Programs

Ritual dancer, Qoyllur Rit'i, dept. of Cusco, Peru  June 2008 / photo c. Jorge Vera for Clima y Cultura 2008
Ritual dancer, Qoyllur Rit’i, dept. of Cusco, Peru June 2008 / photo c. Jorge Vera for Clima y Cultura 2008

Clima y Cultura’s media production goals for 2009-2010 delivered in-depth coverage of Peru’s rapid glacier recession and the looming national water resource crisis.

Peru depends on glacial melt-off for 70% of its water needs for personal use, farming and electricity generation. Water constitutes one of the most important resources for households in the region for human consumption as well as agro-pastoral activities.

In 2010, Clima y Cultura co-produced the forty-two minute documentary for ARTE Television,  France, “Lima : quand l’eau est un luxe” (“Lima: when when water is a luxury”).

In 2009,  Clima y Cultura did research and production for NBC Nightly News Brian Williams, and Anne Thompson, Chief Environmental Correspondent, for the prime-time special report titled,   “A Perfect Storm – Climate Change and Conflict in Peru.”

A Perfect Storm aired the week of November 7, 2009, to coincide with the United Nations Climate Change Summit in Copenhagen.  The same week of the Summit NBC also aired , “Peru’s Future Depends on Mountains” , and  the picture story by our Executive Director titled, “Peru’s Disappearing Holy Glacier.”  

Water delivery truck in a desert communty in Lima. June 2010/photo c. Jorge Vera for Clima y Cultura 2010

As always our research and media production efforts were generously supported by private, corporate and in-kind contributions. 

We thank NBC Nightly News, MSNBC New York, and ARTE Television, Strasbourg. 

A very special thanks to Mic Greyer with Hasselblad America for supporting our photo documentary team with the use of the CFV-II digital gear, which was instrumental for our documentation of glacial recession and indigenous rituals at the 2009 Cordillera Vilcanota, Qoyllur Rit’i glacier sites.

This was the first time that the CFV-II digital technologywas tested at over 15,000 feet above sea level, in sub-zero conditions. (See photo below.)

Photo c. Jorge Vera for Clima y Cultura 2009

Please visit this link to view images from the 2009 research expedition, taken by Jorge Vera.

At the onset Clima y Cultura identified the southern Andes as a key area of research through first-hand visits to Peru’s glaciers in 2006, 2008 and 2009. Program director Barbara Drake identified areas of research through correspondence with anthropologist/author Inge Bolin, meetings with representatives from Soluciones Practicas in Lima, interviews with Andean scholar Jorge Flores Ochoa and Ohio State glaciologist Lonnie Thompson (2006, 2008) and climate-change expert Raymond Bradley (2008). In addition, Drake spent six months researching the subjects of Andean culture, rituals and religion at the University of Florida Smathers’ Library, Latin American Collection, in 2006-07.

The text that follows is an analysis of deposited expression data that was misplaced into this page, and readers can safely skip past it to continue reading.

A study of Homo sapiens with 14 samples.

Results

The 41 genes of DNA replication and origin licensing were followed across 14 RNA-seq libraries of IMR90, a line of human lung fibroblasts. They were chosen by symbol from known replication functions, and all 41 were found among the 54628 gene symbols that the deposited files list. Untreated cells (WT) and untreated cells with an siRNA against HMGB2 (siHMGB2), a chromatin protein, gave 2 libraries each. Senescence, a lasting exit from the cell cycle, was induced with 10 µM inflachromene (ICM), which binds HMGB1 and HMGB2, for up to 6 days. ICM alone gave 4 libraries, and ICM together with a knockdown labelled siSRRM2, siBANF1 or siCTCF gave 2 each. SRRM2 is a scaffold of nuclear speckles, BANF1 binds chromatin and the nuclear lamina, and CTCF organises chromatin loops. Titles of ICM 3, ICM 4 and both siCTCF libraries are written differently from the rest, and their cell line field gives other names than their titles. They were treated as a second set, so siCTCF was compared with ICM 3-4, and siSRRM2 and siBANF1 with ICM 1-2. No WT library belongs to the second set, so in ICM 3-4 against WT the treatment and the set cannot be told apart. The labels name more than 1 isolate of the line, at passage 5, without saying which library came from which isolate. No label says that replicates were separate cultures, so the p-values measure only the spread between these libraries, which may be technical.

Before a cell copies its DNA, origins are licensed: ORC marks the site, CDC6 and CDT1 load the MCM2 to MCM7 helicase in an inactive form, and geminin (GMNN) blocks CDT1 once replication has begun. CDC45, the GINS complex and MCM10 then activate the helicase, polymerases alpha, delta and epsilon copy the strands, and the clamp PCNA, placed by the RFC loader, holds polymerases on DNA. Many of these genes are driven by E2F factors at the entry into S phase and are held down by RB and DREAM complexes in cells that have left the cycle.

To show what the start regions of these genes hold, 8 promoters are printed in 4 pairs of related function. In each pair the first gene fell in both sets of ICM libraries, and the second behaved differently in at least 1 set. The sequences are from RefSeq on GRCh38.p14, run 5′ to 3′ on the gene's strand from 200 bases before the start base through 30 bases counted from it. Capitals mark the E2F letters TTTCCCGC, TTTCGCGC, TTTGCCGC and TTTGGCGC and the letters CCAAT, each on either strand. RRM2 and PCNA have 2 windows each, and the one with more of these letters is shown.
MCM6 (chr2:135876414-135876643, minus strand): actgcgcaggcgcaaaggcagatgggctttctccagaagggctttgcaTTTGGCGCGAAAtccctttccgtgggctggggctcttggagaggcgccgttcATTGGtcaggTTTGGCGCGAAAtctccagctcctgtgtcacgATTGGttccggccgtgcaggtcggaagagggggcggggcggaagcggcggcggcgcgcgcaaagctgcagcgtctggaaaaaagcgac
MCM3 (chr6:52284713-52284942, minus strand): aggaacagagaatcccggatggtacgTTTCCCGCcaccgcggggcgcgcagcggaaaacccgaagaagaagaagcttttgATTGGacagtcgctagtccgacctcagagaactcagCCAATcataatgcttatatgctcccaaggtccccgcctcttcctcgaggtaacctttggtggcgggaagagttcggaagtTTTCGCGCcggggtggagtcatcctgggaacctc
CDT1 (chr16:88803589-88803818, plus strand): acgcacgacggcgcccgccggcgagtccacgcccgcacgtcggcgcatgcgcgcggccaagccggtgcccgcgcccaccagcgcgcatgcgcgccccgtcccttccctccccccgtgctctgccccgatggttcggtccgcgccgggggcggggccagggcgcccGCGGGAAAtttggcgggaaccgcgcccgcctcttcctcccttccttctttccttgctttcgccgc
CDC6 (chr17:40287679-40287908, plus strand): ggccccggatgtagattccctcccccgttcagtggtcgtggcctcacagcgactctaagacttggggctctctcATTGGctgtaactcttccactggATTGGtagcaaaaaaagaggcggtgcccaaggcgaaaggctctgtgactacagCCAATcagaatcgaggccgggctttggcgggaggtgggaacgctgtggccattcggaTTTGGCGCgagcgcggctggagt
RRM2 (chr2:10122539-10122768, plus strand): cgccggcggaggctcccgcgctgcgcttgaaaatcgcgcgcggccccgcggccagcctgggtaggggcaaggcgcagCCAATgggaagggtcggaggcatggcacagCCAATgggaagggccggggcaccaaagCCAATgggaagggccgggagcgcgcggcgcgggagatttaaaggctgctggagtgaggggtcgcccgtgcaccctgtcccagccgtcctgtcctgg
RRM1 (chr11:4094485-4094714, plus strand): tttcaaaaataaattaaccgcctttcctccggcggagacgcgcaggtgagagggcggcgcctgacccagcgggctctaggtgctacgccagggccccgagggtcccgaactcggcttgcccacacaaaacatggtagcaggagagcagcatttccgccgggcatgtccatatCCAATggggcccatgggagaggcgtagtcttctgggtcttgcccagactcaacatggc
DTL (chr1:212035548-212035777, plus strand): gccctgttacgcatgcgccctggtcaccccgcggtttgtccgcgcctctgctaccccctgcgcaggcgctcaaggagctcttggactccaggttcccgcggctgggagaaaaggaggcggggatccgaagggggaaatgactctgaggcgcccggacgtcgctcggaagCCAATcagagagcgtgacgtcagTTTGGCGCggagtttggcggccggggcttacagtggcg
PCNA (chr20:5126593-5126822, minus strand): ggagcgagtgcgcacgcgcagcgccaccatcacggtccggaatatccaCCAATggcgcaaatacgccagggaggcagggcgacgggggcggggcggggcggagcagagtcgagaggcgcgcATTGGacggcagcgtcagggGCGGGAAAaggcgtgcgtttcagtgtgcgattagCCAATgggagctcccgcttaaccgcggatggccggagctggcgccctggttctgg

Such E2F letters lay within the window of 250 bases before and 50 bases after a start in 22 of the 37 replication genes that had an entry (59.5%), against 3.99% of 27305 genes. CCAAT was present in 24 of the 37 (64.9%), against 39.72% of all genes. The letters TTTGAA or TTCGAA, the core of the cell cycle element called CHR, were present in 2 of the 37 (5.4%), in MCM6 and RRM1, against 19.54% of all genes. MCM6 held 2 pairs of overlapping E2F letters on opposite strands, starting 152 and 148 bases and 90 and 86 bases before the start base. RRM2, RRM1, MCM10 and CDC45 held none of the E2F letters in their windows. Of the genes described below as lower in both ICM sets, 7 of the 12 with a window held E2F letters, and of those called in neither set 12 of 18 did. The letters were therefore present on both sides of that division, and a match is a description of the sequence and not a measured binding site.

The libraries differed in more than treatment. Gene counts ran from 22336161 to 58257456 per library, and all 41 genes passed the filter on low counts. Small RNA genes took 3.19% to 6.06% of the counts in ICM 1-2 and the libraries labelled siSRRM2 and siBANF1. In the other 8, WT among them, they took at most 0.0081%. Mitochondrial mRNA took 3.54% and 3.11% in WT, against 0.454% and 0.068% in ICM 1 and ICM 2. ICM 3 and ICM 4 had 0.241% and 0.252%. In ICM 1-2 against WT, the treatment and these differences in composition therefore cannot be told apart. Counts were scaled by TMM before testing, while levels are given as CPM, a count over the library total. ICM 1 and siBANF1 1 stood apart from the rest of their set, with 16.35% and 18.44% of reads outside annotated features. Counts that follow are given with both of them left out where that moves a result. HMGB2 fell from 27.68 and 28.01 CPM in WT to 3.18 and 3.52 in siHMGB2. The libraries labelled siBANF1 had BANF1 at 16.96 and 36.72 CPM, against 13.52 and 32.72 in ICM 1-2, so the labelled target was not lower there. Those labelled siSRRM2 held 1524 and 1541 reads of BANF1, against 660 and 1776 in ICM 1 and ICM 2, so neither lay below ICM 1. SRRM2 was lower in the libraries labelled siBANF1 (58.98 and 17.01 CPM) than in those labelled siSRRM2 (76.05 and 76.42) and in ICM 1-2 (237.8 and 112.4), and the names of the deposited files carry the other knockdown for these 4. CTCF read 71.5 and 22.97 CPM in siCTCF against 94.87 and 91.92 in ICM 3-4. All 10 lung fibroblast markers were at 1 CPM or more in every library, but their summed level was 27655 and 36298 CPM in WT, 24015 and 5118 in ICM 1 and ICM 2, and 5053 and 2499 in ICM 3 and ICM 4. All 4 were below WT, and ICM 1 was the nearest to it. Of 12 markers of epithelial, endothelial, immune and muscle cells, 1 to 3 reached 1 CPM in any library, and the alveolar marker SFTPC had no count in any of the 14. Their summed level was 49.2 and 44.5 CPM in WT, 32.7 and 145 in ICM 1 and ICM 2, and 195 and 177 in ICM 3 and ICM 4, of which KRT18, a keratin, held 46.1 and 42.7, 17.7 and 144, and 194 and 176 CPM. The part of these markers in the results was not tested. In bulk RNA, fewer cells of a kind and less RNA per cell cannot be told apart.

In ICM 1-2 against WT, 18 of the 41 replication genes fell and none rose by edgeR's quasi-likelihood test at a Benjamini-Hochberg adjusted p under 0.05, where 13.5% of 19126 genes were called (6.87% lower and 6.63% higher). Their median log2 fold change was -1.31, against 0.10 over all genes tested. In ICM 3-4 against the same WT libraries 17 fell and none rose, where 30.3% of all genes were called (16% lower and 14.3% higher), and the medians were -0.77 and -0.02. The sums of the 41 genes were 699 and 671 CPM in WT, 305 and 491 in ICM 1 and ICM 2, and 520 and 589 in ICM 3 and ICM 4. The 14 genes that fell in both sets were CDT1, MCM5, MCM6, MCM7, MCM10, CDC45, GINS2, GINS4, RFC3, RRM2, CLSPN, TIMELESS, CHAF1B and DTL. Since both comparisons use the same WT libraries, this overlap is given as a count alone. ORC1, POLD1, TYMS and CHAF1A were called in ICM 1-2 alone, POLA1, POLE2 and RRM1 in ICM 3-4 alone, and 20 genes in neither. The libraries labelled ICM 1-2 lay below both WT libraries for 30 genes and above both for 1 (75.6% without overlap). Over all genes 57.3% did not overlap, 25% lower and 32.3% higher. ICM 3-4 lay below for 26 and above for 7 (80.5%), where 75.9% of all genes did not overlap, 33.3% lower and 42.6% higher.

The Cordillera Blanca came to Clima y Cultura’s attention in July 2009 when Drake and Vera were invited to travel to Huaraz as participants in the Adapting to a World without Glaciers conference, organized The Mountain Institute and USAID. Comparatively little is known about indigenous rituals in this part of Peru, which has lured fewer anthropologists to its peaks than has southern Peru.

Since 1995, natural pre-established agricultural and harvesting models have changed in Perú, and continue to do so at an alarming rate, affecting the very fabric of society and the life’s of thousands of people across hundreds of communities.

Even less is known about the effects of climate change on indigenous peoples of the Amazon, which makes it a key area of focus given the centrality of the Amazon as “the lungs of the planet.” About 20% of earth’s oxygen is produced by the Amazon rainforest.

Twenty eight billion gallons of water flow from the Amazon into the Atlantic every minute, diluting the salinity of the ocean for more than 100 miles offshore. The Amazon rainforest watershed is home to the world’s highest level of biodiversity.

Most of the Amazon River’s water comes from the annual snowmelt generated high in the Peruvian Andes. Between June and October, the water level rises by 30 to 45 feet. Tens of millions of acres of rainforest are covered by water as the flood advances, reaching as far inland from the main channel as 12 miles, literally feeding life into this vast region of Perú.

Yet, this little understood and often-contested region is besieged by competing mining, oil-gas exploration, and logging interests. The Amazon is the place where the final chapter of either, the success or failure to climate change adaptation will be written for humanity.